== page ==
By Mya Salawu
I cannot remember a time of life where my skin did not itch. Or dry out. Or hurt. That’s the worst one: when your skin hurts. As a kid with atopic dermatitis, you would think having weird, scaly skin on your arms and face would be hard. Having skin on your face that was always dry and painful was hard. On top of that was feeling left out.
I remember in grade 5 when my hands, arms and face were peak flare-zone. Winter with eczema is no joke. I would sleep with wraps and layers-on-layers of Vaseline. It was not enough. Much of the time I could barely hold a pencil because it hurt too much to bend my fingers. As I type this I am having some trouble. Imagine playing in the snow. Oh boy. All I wanted was to build forts and make snowballs. Imagine the pain of near frostbite on your cheeks. Now make it 10x worst. That is what I feel every winter almost as soon as I step outside. I love wearing a facemask – exactly what I needed as a kid.
As I type this, I’m looking at my big tub of lotion that is cannot live without. I got it a month ago and it is already half empty. I get as excited for getting new lotion as I do when a new season of my favourite show comes out. #obsessed. If you have a friend with eczema, it is guaranteed that they would love the gift of a lotion refill. Winter is coming, time to stock up.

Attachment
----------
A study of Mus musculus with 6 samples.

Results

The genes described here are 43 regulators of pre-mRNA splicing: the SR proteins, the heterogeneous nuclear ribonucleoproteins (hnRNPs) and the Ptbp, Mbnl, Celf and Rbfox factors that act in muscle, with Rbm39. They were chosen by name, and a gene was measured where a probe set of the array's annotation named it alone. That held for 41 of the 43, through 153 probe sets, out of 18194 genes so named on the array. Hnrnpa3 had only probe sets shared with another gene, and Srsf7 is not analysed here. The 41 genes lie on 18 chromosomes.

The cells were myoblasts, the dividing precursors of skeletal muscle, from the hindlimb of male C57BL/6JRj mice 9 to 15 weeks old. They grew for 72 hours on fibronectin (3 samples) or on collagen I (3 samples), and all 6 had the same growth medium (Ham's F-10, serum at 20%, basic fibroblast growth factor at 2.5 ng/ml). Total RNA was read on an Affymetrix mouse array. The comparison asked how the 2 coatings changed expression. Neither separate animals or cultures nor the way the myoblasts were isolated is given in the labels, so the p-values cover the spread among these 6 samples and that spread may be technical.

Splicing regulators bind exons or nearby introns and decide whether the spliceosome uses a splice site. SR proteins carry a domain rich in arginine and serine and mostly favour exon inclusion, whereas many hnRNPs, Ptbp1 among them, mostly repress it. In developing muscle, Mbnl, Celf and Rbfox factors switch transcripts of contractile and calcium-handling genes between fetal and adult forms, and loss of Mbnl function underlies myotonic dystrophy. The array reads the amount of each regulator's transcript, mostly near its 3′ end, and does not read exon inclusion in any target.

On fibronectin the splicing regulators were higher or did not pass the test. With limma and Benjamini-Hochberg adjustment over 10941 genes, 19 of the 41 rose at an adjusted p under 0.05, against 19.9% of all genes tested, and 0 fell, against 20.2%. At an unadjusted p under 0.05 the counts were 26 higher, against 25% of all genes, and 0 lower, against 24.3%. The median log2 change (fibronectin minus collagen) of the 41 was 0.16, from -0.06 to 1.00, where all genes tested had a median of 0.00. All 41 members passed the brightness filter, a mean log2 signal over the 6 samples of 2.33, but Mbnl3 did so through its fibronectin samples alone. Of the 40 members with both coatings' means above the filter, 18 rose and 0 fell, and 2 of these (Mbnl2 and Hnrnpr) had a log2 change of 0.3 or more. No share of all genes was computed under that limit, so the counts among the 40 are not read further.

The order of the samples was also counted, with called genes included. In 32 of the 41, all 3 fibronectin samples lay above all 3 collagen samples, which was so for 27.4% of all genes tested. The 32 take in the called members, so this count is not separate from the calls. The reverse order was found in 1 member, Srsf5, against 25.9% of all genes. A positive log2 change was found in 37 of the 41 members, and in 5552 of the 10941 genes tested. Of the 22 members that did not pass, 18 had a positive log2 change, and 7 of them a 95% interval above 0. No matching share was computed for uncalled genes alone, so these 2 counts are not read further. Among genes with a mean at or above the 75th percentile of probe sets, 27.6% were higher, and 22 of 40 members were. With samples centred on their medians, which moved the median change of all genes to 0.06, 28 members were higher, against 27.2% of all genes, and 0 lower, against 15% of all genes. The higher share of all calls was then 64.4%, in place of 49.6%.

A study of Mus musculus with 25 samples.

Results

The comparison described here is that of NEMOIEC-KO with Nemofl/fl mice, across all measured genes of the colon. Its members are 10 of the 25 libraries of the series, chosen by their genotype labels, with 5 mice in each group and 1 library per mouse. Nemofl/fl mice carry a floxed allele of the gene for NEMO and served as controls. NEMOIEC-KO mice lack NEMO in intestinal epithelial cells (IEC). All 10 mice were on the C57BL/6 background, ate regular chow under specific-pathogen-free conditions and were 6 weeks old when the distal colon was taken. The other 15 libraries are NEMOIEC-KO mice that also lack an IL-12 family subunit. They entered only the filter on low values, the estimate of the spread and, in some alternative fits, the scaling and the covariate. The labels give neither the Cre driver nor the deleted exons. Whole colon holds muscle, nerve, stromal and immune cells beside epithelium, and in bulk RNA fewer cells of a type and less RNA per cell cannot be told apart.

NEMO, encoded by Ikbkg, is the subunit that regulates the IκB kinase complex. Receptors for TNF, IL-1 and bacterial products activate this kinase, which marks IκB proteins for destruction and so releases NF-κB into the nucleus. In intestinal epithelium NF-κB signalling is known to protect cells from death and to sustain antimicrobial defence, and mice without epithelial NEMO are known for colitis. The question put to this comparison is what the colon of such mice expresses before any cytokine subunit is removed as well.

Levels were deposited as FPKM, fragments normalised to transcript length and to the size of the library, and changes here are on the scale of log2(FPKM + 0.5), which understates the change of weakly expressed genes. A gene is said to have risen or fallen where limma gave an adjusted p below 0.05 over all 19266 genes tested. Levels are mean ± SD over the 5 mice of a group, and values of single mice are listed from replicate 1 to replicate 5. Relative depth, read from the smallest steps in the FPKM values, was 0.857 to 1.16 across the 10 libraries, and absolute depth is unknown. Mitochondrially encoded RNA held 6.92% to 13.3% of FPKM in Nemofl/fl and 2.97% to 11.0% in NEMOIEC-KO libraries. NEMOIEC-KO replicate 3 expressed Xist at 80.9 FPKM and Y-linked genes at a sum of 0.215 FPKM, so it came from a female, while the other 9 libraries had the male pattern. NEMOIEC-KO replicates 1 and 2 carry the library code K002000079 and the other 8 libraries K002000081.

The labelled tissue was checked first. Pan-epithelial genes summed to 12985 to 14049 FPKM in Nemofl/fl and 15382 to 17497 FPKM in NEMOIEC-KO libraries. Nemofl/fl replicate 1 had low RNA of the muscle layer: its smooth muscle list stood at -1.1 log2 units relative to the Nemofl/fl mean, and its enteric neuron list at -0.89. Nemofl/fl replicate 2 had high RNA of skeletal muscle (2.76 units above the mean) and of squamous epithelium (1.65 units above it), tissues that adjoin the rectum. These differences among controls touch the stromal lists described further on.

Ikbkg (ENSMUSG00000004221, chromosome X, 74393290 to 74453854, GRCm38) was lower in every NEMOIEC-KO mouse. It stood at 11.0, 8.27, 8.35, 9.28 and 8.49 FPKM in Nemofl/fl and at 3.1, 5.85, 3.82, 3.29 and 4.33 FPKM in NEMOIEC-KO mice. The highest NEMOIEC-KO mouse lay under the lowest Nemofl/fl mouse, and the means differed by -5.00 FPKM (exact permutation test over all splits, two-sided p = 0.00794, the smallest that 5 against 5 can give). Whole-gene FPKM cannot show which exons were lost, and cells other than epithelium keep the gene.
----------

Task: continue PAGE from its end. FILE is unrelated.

Variety of therapies
You might be wondering, there should be a cure by now, right? Not just yet. There are, however, a variety of therapies, I should know, I have tried loads. When I was younger, I focused more on a pharmacological approach: from prescription creams, ointments, even for a while I would use a special shampoo because my scalp would be so dry it would bleed. Some worked, some didn’t. The hardest part is when something amazing stops working after having built a tolerance to it. I have a collection of half empty tubes of various ointments that I had to stop using since they either stopped being effective or started to make my skin worse. Worse! It can be frustrating at times.
Avoiding trigger foods
Now, I am trying out a medicine cabinet-free approach. Recently, I have changed my diet. So far that has helped. I avoid trigger foods like dairy, anything heavily processed and started eating more foods like fruits and nuts that help fight inflammation. I am in no way a healthcare professional, but this has helped me a bit. Moisturizing any time after contact with water as well. I have my tub of lotion anytime I shower, swim or go to a waterpark as well. Nothing I have done has gotten rid of my eczema 100%, but it has become more manageable. Now, I can go to bed without getting distracted by my arms being really itchy. Even now I occasionally wake up due to itchiness, but I am learning to manage that. Right now I don’t really need to wrap my arms while I sleep, but winter is coming, so I am need prepare for that. Time to get my Rocky playlist going, it’s training season!
Though I have had eczema for much of my life, there is still quite a bit for me to learn. Yourself as well. Atopic Dermatitis is a fairly common condition. Sure, there’s no cure, but that will not stop me from doing… anything really! Like many chronic conditions, I make adjustments as I go through life one jar of lotion at a time.
Clinical Trial Hero would like to thank Mya for taking the time to share her story.